Interview With The Penguin Lady

Dyan deNapoli, also known as the “The Penguin Lady,” worked for years as the senior penguin aquarist at the New England Aquarium. Today she is an outspoken activist for animal rights, recently presenting at the TEDxBoston conference. In 2000, deNapoli, who grew up in Marblehead, Massachusetts traveled to South Africa as part of an international team of experts to save 40,000 penguins from an oil spill after a vessel called “The Treasure” capsized. Within three months, 95 percent of the birds were saved and released back to their natural habitat — inspiring deNapoli’s recently published book, “The Great Penguin Rescue”.

Recently deNapoli took time out from her busy schedule to speak about her work with penguins and how she became the “Penguin Lady”.

How did you become ‘The Penguin Lady’?

Penguin Lady - Dyan diNapoli

I went back to school in 1992 to get a [Bachelor of Science degree] in animal science. I was studying veterinary nursing, and wanted to do that since I was 5, so I went back to school at age 32 to do that. During the course of my education, I worked with the penguins everyday for four months. Once I met them, I was enchanted. They’re really engaging. They have a lot of personality. I applied to the New England Aquarium and gained a position there.

In the wild, African penguins live 10 or 20 years but at the aquarium, they can double or triple their life expectancy. We had this one penguin named Robin, who was kind of famous. She lived to be 39 years old.

Are penguins intelligent?

They’re very intelligent and very adaptable. One of the examples of that is, when we were in South Africa for the rescue, there had been another oil rescue six years before. During that they had to force feed the penguins because they’re wild … they taught them how to take food freely. It took them a few days to figure it out. During the “Treasure” rescue, we taught them how to pre-feed again but the really interesting thing was the first birds to make that transition were the ones that had the band from the oil spill six before. They remembered; it clicked with them … It shows me just how smart they are.

Your local TED talk was about being vigilant in the rescue of animals. Are people opposed to that?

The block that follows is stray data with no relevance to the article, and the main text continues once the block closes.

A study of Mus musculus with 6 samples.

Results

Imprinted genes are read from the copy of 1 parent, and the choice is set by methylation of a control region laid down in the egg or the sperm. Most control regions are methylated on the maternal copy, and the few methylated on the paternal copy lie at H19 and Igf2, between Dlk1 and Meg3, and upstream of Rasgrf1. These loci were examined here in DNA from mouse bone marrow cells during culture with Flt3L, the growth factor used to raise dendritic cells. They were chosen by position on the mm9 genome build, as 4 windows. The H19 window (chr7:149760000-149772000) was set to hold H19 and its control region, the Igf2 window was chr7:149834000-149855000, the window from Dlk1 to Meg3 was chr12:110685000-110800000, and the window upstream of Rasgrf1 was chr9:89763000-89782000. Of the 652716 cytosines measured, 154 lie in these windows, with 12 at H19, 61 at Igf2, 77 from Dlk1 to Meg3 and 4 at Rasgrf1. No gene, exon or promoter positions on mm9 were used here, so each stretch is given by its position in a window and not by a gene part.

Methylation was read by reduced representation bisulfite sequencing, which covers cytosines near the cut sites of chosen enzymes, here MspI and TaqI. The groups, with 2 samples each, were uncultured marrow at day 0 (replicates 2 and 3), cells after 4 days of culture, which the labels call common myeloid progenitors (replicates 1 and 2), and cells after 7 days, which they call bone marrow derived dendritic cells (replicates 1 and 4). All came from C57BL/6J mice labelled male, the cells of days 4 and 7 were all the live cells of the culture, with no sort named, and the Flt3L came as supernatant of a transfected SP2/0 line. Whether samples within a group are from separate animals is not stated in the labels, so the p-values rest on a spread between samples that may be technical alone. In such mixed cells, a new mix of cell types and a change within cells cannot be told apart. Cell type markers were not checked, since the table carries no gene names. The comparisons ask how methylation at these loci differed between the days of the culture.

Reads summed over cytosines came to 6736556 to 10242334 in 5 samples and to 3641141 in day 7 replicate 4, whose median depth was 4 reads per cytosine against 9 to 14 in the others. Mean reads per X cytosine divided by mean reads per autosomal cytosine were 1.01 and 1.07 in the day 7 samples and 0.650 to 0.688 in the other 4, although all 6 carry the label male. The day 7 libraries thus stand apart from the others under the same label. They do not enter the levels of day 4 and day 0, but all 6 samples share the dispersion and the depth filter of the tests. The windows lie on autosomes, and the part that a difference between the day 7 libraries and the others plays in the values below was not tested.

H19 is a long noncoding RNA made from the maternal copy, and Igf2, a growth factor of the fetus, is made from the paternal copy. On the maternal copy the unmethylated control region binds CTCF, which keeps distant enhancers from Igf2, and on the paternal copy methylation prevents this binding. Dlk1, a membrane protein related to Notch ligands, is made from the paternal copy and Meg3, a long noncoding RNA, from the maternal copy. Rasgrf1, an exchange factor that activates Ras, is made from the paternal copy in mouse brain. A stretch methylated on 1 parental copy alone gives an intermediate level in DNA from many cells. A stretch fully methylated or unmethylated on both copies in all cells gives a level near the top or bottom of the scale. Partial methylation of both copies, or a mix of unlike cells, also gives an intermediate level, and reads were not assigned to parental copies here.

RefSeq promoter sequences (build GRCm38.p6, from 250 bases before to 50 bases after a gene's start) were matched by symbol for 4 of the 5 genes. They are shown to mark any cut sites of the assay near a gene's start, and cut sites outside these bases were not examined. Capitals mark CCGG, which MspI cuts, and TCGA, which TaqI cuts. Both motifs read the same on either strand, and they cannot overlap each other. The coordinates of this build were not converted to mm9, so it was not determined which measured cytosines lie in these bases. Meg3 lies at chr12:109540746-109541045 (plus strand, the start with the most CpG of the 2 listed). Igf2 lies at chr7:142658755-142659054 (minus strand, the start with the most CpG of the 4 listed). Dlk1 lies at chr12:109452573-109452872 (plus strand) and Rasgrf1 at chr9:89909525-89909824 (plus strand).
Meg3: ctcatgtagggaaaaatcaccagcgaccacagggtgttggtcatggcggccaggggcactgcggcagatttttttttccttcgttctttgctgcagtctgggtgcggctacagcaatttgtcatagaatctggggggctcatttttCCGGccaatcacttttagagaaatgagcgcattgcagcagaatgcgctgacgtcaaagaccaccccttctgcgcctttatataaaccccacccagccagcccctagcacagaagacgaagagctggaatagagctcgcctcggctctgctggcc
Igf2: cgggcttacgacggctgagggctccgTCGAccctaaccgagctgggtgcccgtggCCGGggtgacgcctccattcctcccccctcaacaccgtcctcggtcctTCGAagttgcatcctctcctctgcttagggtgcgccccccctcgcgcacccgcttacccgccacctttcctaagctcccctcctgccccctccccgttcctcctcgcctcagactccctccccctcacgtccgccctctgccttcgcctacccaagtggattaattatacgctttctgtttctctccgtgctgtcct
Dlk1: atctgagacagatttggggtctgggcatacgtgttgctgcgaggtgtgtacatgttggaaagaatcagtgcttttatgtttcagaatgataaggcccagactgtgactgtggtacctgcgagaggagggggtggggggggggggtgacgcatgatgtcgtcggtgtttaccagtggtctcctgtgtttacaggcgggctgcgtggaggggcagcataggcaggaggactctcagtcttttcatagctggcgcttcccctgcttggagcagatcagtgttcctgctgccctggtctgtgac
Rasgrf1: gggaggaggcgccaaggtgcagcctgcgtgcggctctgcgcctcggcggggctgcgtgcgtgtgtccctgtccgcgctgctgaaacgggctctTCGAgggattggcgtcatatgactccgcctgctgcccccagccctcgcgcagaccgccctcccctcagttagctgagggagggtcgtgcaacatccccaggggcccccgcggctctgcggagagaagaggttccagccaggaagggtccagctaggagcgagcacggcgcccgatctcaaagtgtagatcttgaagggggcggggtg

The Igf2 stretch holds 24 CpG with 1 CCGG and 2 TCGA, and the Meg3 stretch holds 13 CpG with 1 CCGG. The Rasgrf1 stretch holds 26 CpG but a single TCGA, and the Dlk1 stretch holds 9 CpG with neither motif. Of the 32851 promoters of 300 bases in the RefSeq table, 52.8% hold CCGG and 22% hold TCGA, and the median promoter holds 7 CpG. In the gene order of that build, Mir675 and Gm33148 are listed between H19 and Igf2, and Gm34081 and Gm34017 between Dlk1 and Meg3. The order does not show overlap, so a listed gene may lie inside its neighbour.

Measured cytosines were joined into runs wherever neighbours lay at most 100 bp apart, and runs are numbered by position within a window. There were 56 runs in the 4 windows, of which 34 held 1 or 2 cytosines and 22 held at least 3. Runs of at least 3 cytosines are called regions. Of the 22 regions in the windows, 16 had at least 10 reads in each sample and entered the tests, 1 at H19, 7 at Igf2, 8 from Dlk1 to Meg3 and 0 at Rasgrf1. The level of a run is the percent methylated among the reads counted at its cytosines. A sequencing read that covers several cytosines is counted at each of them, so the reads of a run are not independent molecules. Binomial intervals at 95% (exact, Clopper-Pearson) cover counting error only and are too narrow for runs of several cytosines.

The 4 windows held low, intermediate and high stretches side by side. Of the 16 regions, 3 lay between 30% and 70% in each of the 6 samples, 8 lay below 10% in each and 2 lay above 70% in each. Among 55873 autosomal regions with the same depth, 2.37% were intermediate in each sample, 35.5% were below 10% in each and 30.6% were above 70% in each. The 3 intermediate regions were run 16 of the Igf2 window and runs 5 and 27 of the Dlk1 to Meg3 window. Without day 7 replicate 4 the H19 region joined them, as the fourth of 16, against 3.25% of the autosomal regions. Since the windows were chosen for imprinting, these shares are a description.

I think during the BP oil spill (in 2010), which most of the world probably knows about, this [aquatic expert] was quoted in Seagull Magazine saying we should just euthanize these birds because studies show 1 percent survive after being released … But [this expert] was quoting research that was 15 years old from one very specific series …When I read this article and saw it was being quoted in a lot of places, I got very worked up.

I think its important for people to know this is not accurate information for the most part. These rescue efforts are valid [and] worthwhile. We’re working with species that has a very high survivability rate. If we know they’re endangered, it’s imperative we take the time and the money to put all these resources towards rescuing these animals.

What would you say to children who dream of working with animals?

I always loved animals and I knew I wanted to work with them and the only option I knew was being a veterinarian. But I wasn’t good at math so I was scared off. I didn’t know … about the field of ethology (animal behavior) — that’s what I was really fascinated by.

I would tell kids who are interested to study in your science classes and to speak to people that are in a field that is interesting to you. Find out what they studied, what they know … to find out the realities of working in the field. I think people might look at working with dolphins and penguins as very glamorous, but it’s actually smelly, dirty, exhausting work. It’s good to volunteer and find out if it’s a good field you.